Red Sox managerial search on hold until Theo Epstein’s situation is resolved


Alex Speier of WEEI.com reports that Red Sox will not interview any candidates for their managerial vacancy until the Theo Epstein situation is involved.

The Cubs have expressed interest in Epstein for their general manager vacancy and the Red Sox GM was reportedly spotted in a Chicago-area Starbucks this weekend.

While it’s not clear when Epstein will make a decision about his future, the Red Sox are in no hurry to settle on a new manager, anyway. According to Speier, the team will likely consider one or more candidates who are still involved in the playoffs. Brewers hitting coach (and former Red Sox third base coach) Dale Sveum is believed to be one of them.

The Mets will not commit to Matt Harvey making his last start


That has changed, however. Over his last three starts he has allowed 14 runs on 25 hits in 16 innings, with his latest stinker being last night’s six runs on eight hits outing against the Braves. The poor pitching has resulted in Mets manager Mickey Calloway not committing to Harvey taking his next turn in the rotation. Or, as Ken Davidoff reports in the Post, not commenting when asked if Harvey would, indeed, make his next start.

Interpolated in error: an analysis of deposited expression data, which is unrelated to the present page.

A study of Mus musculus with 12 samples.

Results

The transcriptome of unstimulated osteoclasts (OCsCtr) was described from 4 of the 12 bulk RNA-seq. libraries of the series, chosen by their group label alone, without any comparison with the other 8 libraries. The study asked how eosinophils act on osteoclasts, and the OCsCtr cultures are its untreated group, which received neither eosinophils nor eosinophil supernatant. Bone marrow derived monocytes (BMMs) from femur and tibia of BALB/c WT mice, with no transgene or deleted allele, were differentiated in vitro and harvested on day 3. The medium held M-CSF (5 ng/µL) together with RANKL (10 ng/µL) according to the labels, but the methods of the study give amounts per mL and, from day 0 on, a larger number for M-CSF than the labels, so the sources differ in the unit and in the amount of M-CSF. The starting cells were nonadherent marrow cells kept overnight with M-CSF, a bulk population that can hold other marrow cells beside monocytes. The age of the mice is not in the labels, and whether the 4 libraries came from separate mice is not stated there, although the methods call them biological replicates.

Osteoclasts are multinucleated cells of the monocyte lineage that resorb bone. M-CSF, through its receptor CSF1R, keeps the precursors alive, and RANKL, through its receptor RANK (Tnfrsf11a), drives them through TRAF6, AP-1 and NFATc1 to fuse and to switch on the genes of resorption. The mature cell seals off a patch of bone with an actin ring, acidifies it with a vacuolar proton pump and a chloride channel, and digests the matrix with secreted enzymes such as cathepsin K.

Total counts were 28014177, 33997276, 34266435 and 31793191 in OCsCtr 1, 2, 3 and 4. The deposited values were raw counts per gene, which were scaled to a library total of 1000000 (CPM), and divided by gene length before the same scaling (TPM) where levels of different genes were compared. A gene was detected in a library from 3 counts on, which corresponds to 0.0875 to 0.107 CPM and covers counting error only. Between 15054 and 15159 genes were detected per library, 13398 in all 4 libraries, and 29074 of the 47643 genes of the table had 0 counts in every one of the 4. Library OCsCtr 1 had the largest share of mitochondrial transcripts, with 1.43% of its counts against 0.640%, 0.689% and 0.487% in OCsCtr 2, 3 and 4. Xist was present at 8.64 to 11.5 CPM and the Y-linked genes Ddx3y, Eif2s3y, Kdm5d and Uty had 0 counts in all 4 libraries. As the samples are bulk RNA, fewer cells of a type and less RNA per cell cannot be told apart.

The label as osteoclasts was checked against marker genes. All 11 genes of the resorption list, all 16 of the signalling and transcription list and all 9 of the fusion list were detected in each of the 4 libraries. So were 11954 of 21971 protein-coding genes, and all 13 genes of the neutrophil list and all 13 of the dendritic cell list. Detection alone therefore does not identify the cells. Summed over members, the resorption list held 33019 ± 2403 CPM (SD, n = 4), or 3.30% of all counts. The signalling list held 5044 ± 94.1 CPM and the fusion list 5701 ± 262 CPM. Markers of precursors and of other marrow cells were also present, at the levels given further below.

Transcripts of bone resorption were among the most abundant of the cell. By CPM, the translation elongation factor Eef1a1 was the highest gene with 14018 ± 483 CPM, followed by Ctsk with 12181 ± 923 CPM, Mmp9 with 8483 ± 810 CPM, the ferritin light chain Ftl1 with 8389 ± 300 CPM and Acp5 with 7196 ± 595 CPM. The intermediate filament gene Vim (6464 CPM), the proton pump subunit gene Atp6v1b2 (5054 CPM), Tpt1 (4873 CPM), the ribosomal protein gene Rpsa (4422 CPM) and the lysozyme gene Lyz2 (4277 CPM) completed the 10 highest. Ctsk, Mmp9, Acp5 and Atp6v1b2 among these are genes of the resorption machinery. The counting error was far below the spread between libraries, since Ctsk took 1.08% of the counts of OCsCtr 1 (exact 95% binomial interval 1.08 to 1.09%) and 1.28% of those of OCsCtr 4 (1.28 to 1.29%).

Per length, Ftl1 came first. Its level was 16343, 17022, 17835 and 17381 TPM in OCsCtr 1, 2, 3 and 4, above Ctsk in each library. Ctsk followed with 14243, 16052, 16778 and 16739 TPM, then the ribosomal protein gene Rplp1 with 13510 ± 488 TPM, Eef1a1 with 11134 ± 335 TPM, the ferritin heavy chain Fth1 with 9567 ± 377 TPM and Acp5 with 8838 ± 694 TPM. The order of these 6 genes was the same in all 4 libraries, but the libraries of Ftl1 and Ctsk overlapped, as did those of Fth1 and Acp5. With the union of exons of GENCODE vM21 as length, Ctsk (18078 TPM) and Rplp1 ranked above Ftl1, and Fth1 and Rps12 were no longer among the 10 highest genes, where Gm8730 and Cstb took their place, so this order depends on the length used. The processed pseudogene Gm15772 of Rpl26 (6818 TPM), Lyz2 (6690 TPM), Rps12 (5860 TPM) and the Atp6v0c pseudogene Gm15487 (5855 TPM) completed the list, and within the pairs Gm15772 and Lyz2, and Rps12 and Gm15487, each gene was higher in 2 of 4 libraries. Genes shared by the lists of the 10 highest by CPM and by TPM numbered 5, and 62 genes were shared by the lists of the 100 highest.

It’s bad enough when the manager will not make such a commitment, but the Mets pitching coach, Dave Eiland, made comments after the game suggesting the possibility of the Mets putting Harvey in the bullpen. The comments were not pointed, but this suggests his thinking, I’d assume:

While neither Callaway nor Eiland would tip his hand about Harvey’s immediate future, Eiland, who most recently worked for the Royals, smiled when a reporter asked him if he had ever switched a starter to the bullpen under duress. “Yeah, a guy by the name of Wade Davis,” he said. “It turned out pretty well for him.”

That’s a generous way of putting it and, for Harvey, such comments could soften the blow to his ego if, indeed, the club decides to move him to the bullpen. It’s not a demotion, he could claim, it’s the team giving him a chance to regain his past stardom in a different role!

However, whether it was because he was stinging from a poor performance or because he simply hates the idea, Harvey seemed to reject the possibility out of hand, saying, “I’m a starting pitcher. I’ve always been a starting pitcher. That’s my mindset.”

Looks like he’s either going to have to change his mindset or else he’s not going to have a place to pitch in New York for very much longer.